The Automotive composites Alliance is pushing thermoset plastic composites for a wide variety of applications in hybrid cars, including modules that contain the battery pack, electronic controller and wiring harness. In the US the modules are typically made of several metal stampings which are assembled. Use of composites could reduce the module to two pieces with major savings in weight as well as tooling investment. “Unlike metal, composites don’t conduct electricity, therefore providing an extra safety advantage,” says the Alliance report. “They also won’t corrode and allow integrated airflow cooling in the module’s tunnel, all adding to longer battery life.”
A new compression molding compound material combines the light weight, strength, and rigidity of carbon fibers with the flexibility and lower cost of glass materials in a composite compatible with automotive production.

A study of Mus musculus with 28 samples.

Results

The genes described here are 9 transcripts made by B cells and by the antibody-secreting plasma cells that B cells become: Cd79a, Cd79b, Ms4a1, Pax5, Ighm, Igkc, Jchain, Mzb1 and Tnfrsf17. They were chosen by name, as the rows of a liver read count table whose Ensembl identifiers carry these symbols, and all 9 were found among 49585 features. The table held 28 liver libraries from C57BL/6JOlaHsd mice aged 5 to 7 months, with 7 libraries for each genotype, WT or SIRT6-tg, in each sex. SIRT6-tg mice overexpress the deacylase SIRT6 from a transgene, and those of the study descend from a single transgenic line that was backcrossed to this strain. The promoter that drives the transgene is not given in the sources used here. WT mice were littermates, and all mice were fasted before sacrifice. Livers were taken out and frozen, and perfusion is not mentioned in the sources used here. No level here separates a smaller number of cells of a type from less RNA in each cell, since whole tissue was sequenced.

Plastic bearings are real and millions of them are in use doing heavy-duty jobs we used to think only metals could do. Some of Germany-based igus's bearings are traveling around the world as functional parts in a car to demonstrate what they can do.
Baxter showed off his 2.0-derived moves at ATX West this year. The big red guy still looks pretty much the same, but has some new abilities, mostly due to software. The research robot version is now being used in corporate R&D departments as a design platform.
End-production using 3D printing, including objects made of multiple materials in one pass, is getting closer to reality as we saw on the exhibit floor at the recent Pacific Design & Manufacturing Show.